Rarely, and only in daylight hours, will you see a member of An Garda Síochána – the Irish police force – walking a beat around the council flats of the inner city. The time of the friendly neighbourhood beat cop is a long time gone; having been replaced for some decades by the frequent and intimidating presence of the passing riot police van, squad car, or the unmarked, but obvious, undercover car. Police officers do not know the names of the young people in the inner city, unless, that is, the youngster is known to the Gardaí. Pretty much the only interaction the police in this part of the city have with the young people is when they get out of their motor vehicles to conduct humiliating Section 23 drugs searches, and run their names through ‘the system’ for warrants, bail and probation violations, and Antisocial Behaviour Orders. When youngsters are handed down these awful ASBOs for as little as keeping racing pigeons it is safe to assume the police will always catch some teenager in violation of something. It is small wonder then that the people living in the flats and other council housing accommodation dislike and mistrust the police.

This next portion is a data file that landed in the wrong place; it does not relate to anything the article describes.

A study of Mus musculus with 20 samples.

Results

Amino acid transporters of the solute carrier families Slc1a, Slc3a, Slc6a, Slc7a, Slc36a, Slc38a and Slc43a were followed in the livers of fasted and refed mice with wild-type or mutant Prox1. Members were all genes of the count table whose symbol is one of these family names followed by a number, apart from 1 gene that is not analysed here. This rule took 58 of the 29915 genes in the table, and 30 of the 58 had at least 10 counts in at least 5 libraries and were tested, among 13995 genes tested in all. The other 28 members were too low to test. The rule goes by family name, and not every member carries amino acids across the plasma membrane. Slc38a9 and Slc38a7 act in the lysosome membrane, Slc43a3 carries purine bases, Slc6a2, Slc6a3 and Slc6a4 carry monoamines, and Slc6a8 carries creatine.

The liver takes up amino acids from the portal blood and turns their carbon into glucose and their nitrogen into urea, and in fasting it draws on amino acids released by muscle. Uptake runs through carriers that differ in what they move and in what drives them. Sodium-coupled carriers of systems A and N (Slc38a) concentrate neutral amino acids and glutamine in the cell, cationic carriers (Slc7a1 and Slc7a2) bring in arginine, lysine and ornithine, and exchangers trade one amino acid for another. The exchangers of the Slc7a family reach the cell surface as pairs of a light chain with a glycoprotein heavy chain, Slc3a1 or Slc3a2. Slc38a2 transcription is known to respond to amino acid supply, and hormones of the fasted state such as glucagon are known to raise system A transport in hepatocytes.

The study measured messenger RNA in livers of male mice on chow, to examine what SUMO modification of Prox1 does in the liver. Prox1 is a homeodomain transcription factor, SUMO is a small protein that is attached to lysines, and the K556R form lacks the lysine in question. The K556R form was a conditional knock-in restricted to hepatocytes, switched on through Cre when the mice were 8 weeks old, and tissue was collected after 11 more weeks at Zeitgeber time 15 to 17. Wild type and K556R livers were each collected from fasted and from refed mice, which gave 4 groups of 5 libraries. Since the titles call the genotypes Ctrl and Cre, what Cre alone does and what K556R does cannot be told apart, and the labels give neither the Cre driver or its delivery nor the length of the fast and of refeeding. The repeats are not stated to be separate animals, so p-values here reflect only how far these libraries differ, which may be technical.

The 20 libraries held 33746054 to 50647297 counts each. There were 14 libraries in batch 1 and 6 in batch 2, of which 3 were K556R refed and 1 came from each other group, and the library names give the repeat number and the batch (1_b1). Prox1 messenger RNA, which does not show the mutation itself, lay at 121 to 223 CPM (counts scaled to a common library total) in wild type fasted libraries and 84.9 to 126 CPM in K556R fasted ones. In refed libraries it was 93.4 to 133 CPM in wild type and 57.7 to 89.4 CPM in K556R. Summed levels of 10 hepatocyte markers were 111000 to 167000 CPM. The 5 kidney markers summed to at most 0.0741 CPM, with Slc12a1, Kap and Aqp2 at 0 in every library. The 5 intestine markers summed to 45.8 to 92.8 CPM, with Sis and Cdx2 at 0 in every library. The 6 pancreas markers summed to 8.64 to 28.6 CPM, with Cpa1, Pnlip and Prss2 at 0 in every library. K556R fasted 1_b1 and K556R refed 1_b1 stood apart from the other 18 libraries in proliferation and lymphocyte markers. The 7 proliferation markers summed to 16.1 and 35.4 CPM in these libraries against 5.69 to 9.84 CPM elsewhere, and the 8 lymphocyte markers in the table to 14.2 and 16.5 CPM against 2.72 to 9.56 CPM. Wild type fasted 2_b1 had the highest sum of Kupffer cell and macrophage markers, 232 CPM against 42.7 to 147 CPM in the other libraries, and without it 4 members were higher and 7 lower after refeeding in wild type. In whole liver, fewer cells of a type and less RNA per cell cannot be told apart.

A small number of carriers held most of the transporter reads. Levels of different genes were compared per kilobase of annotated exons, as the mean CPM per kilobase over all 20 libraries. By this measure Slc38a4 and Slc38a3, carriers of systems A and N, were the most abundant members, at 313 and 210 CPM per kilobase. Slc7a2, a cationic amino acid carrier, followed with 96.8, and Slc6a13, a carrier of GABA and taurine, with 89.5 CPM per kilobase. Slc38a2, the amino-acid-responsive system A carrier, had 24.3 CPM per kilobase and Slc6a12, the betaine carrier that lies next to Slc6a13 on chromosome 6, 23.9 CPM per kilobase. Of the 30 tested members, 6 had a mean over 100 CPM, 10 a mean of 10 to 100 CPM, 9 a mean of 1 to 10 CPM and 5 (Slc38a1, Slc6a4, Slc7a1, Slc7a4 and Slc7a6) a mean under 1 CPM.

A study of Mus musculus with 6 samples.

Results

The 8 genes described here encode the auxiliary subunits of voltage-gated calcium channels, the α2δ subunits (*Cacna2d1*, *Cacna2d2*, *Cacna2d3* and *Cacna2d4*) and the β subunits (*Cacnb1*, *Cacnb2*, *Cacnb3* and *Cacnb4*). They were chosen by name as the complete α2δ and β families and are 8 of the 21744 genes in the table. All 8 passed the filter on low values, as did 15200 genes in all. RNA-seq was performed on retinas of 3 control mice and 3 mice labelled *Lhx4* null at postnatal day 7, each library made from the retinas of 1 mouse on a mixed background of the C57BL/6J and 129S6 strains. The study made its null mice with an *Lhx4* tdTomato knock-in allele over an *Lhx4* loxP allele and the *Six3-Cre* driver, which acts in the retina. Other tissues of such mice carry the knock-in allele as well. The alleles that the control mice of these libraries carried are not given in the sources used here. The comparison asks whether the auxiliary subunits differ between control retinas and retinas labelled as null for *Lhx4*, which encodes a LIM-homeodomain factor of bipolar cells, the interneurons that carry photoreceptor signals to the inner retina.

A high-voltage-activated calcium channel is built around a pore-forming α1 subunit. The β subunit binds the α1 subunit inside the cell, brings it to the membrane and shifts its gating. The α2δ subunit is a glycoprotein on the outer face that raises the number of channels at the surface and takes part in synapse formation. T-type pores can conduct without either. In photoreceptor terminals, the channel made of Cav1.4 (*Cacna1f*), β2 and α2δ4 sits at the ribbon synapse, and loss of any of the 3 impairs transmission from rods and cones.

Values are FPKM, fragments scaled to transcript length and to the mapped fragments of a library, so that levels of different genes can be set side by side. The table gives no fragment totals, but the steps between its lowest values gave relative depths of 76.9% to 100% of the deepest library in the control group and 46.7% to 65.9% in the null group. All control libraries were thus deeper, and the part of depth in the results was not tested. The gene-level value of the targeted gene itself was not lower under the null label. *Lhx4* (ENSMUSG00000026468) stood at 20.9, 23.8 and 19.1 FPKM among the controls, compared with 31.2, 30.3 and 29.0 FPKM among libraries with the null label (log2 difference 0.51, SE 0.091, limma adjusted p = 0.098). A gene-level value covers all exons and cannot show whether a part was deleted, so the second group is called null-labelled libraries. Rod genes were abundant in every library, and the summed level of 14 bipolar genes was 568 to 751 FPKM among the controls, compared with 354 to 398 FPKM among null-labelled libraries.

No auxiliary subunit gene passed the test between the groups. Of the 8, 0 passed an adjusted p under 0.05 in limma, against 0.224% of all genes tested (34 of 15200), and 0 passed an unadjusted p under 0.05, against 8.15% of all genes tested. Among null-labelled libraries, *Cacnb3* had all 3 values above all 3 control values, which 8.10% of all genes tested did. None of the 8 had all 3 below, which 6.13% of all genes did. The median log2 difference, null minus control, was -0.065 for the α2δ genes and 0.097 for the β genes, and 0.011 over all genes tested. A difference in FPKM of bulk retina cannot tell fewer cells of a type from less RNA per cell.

@basin st,flats complex 2 da world law an order is not for working class ask da garda working 2 kill off da youth in dis area sad day in IRE—
stephenjohn hughes (@RUOK4711) October 20, 2010
It is striking that the flats complexes in the inner city have a single road access point. This would imply that even when they were on the architect’s drawing board the City Council was thinking ahead. What they were building were ghettoes designed for ease of policing and control. For all intents and purposes they were imagined as prisons for the as yet un-convicted, and the people who live in the flats say as much themselves. Every day, without exception, throughout the day and the night, the police will patrol the flats; reminding the people who live in them that they are being watched. None of this is for their security. It is nothing more than a social control measure intended to keep these people in their place. Anyone living under these conditions will tell that this régime leaves them feeling violated and powerless, and so it seems natural that every so often there is revolt against the police. In fact, social resistance is the norm in the flats. Any time a police van or car approaches the entrance, those who see it let out a loud whistle which is repeated by its hearers all the way to the very back of the complex. Even when there is nothing illegal happening the warning is sounded because the folk know from hard experience that the police will find something.